October 20, 2007

Colorado By The Numbers

An interesting survey conducted by Ciruli Associates for the Economic Development Council of Colorado in mid September revealed these results (more at the link):
*About two-thirds say both the state and their local area are "going in the right direction," with 63 percent agreeing with that assessment for the state and 66 percent for their local area. Those percentages are higher than in the 2006 survey, when 51 percent said things were going well statewide and 60 percent said so for their local area.
. . .
*Asked what the top issue is for the governor and state Legislature to address, 26 percent said immigration. Ranked No. 2 (chosen by 15 percent) was "health care price/accessibility," up from fourth place in 2004. Education was No. 3 with 11 percent, down from second place the year before; transportation was No. 4 (7 percent), and the economy and tax burdens tied for fifth place (6 percent each).
. . .
*Fifty-one percent said they wouldn't vote to extend the five-year "TABOR time out" passed by voters in 2005 as Referendum C. The measure allows the state to keep all tax dollars it collects until 2010 for use in education, transportation and health care, excusing it from key requirements of the Taxpayer Bill of Rights.
. . .
*Asked about the 2008 U.S. Senate race, 36 percent said they would vote for Democrat Mark Udall and 35 percent supported Republican Bob Schaffer; the rest chose another candidate or said they didn't know who they would support. Yet 40 percent said they would support the Republican candidate for Congress in their district; 37 percent would favor the Democrat.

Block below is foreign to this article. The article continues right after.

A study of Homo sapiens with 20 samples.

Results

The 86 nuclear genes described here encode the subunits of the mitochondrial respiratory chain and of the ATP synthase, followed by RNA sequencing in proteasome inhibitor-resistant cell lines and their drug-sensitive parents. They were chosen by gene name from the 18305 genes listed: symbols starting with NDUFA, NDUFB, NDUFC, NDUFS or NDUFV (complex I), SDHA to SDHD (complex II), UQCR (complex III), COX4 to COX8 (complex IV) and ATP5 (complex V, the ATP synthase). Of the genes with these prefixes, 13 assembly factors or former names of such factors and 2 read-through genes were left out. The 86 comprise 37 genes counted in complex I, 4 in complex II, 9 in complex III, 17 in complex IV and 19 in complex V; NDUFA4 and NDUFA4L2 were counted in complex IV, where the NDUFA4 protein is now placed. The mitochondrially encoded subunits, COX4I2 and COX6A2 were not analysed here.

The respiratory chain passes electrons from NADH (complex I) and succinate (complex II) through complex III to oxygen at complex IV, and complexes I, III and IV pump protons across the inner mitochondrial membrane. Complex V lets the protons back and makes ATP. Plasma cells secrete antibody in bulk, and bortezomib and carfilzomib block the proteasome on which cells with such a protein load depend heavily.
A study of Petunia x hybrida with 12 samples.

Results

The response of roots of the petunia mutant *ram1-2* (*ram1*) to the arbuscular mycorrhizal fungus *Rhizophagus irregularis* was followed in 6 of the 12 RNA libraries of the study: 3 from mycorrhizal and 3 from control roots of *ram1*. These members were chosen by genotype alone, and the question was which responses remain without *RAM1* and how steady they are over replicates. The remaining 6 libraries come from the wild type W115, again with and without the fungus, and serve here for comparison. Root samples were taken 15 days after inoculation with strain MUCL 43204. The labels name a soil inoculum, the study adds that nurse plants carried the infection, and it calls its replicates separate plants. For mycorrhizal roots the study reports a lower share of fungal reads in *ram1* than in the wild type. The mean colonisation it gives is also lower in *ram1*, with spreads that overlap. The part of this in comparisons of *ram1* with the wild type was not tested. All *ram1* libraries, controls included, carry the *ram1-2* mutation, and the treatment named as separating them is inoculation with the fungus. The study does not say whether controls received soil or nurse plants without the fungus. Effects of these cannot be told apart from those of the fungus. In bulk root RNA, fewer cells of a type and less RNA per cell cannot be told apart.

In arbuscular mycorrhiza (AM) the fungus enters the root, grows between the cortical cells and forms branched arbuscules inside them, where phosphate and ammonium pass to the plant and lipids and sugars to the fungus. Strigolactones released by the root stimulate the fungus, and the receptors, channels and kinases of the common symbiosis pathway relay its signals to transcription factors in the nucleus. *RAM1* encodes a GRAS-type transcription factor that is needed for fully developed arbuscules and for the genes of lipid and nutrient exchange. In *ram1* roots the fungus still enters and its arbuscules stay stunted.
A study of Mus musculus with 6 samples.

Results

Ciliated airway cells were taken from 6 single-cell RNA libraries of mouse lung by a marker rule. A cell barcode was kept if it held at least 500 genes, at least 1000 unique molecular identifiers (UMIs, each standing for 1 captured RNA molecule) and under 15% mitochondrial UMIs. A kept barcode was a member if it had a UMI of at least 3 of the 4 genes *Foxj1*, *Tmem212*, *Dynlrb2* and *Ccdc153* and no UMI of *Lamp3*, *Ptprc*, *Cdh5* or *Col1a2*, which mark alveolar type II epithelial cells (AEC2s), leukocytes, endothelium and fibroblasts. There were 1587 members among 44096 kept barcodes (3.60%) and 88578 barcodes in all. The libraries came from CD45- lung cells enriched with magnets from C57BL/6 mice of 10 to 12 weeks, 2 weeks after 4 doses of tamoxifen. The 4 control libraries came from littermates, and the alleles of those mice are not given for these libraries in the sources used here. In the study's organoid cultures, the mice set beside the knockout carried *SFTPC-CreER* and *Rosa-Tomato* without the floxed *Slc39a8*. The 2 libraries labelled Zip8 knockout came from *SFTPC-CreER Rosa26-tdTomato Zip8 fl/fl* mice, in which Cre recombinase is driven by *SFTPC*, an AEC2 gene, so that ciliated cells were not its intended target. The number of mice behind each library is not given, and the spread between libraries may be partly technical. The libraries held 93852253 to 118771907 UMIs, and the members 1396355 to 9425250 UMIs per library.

. . .
*Forty-four percent called themselves conservative, 26 percent liberal and 28 percent "middle of the road."

Coloradans feel good about themselves and the state, but less optimistic about the nation as a whole. Optimistic voters are less likely to vote for radical change--the "throw the bums out" negativity falls flat--helping incumbents. This is not a positive for any potential GOP challengers for the Democratically-held congressional seats, but also means that GOP incumbents in Colorado (Tom Tancredo if he runs, whoever the GOP candidate is in the 5th, and Marilyn Musgrave) won't see as much of the negativity as they faced last year when the sour mood of Coloradans helped secure Democratic gains statewide.

Such a statewide economic "feeling" index will be interesting to watch as the 2008 election approaches, and when combined with the Democratically controlled congressional approval rating of just 11%, accounts for Coloradans favoring the generic Republican candidate over the Democrat. The survey points out the close nature of the Bob Schaffer/Mark Udall Senate contest, supporting Kos' surprising admission that the Colorado Senate seat is "not in the bag", and contradicts The Fix's assertion that Colorado's seat is more likely than not a Democratic pick-up.

There should be no surprise that self-identified conservatives lead liberals 44-26%, with 28% in the "middle of the road" category--the GOP leads in party registration but unaffiliated/independent voters constitute 1/3 of the Colorado electorate. The 2008 election will hinge (as it always does) on how the independents break for either party, but also in how successful Republicans are in translating self-identified conservatives back into solid GOP voters. The conservative/Republican split has probably accounted as much for Democratic gains (and Republican losses) statewide in the past few cycles as the independent swing bloc.

Finally, Referendum C garners less than majority support for extension, most likely as a result of it being nothing more than empty promises.